Electors are chosen by the party that wins the state, meaning electors rarely deviate from their party's candidate.

With a total of 538 electoral votes up for grabs, the Electoral College will meet in December to determine who will be president in 2021. But, some wonder whether electors must vote for the candidate who won their state or whether they can break ranks and cast the votes for another person. 

THE QUESTION 

Are electors bound by their state’s vote for president or can they cast the state’s electoral votes for someone else?

THE ANSWER

Yes and no. It depends on the state, and a recent U.S. Supreme Court ruling has weighed in on the side of penalizing rogue, or “faithless,” electors who don’t vote as pledged. 

WHAT WE FOUND 

All but two states cast winner-take-all electoral votes. That means if a candidate wins 51% of the vote, all the electoral votes from that state go to them. The exceptions are Maine and Nebraska where the electoral votes are split among the candidates.

According to a Congressional Research Service report, 33 states and the District of Columbia require electors to vote for the candidate who won their state.

Of the states that bind their electors to the presidential vote outcome, 14 states cancel the vote and replace the faithless elector who strays. Five other states impose penalties such as fines on the elector; two states both replace and penalize the elector.

But 16 states and the District of Columbia, despite binding their electors, have no penalty for casting a “deviant” vote, which is allowed to stand. 

The states that bind electors got some backup in July, when the U.S. Supreme Court ruled in Chiafalo vs. Washington that they can penalize faithless electors. 

“The Supreme Court decision did not grant states any new powers; it technically just upheld state laws that impose such punishment,” said Nicolas Riley, senior counsel at the Institute for Constitutional Advocacy and Protection at the Georgetown University Law Center. “So basically, each state would still need to have its own state law on the books penalizing faithless electors in order to actually do so.”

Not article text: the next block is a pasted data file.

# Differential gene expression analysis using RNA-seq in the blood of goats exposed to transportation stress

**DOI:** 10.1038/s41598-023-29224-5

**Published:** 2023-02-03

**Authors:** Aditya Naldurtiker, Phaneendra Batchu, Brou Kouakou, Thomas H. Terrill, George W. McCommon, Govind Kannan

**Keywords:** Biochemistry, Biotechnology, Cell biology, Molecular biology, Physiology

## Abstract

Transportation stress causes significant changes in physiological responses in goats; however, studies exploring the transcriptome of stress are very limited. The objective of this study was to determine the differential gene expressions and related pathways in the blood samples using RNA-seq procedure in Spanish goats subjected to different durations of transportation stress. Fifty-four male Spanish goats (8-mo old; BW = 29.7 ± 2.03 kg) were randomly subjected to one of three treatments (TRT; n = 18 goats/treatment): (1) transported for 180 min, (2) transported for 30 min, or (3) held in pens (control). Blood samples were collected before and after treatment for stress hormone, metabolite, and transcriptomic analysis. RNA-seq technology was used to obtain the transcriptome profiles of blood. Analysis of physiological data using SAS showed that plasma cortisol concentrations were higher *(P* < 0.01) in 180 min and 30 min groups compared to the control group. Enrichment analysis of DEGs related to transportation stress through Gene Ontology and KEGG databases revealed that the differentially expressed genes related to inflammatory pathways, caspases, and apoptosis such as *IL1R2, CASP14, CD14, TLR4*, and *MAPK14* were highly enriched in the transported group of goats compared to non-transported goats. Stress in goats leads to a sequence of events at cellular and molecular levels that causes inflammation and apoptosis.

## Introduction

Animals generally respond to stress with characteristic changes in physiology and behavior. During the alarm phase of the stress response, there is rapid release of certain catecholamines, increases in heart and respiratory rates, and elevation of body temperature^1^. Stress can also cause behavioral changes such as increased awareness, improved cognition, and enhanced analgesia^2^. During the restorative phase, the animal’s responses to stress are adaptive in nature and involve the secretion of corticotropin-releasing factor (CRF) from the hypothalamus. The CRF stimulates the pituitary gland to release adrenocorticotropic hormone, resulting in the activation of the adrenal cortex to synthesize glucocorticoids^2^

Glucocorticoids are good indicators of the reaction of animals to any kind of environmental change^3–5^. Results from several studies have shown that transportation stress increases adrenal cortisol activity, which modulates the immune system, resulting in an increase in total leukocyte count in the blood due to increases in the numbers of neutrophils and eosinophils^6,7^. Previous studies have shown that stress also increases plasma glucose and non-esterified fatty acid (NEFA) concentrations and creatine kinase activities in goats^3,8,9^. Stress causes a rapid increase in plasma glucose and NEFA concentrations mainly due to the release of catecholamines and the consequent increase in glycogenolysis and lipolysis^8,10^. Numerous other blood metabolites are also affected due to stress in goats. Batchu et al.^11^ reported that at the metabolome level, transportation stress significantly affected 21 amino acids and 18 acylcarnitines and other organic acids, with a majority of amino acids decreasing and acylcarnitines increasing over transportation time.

Faithless electors have never changed the outcome of a presidential election, FairVote says. They also have been rare, says the history webpage of the U.S. House, counting 15 for president and six for vice president since the 1940s. 

“But in this chaotic election year, their potential to disrupt the presidential election may loom larger,” says Russell Wheeler, a Brookings Institution visiting fellow in governance studies, in the online article “Can the Electoral College Be Subverted by Faithless Electors?” “As a further twist, state legislatures in battleground states might try to replace state-certified electors with alternative slates of faithless-elector equivalents.”

Should the election not be clearly decided by the electors, the U.S. House of Representatives could decide who becomes president, as it did in the 1800 and 1824 elections, the House history site says.

In that case, a “contingent election” would be held after an Electoral College deadlock or if no candidate receives the majority of votes. Then each state delegation would cast “one vote for one of the top three contenders to determine a winner.”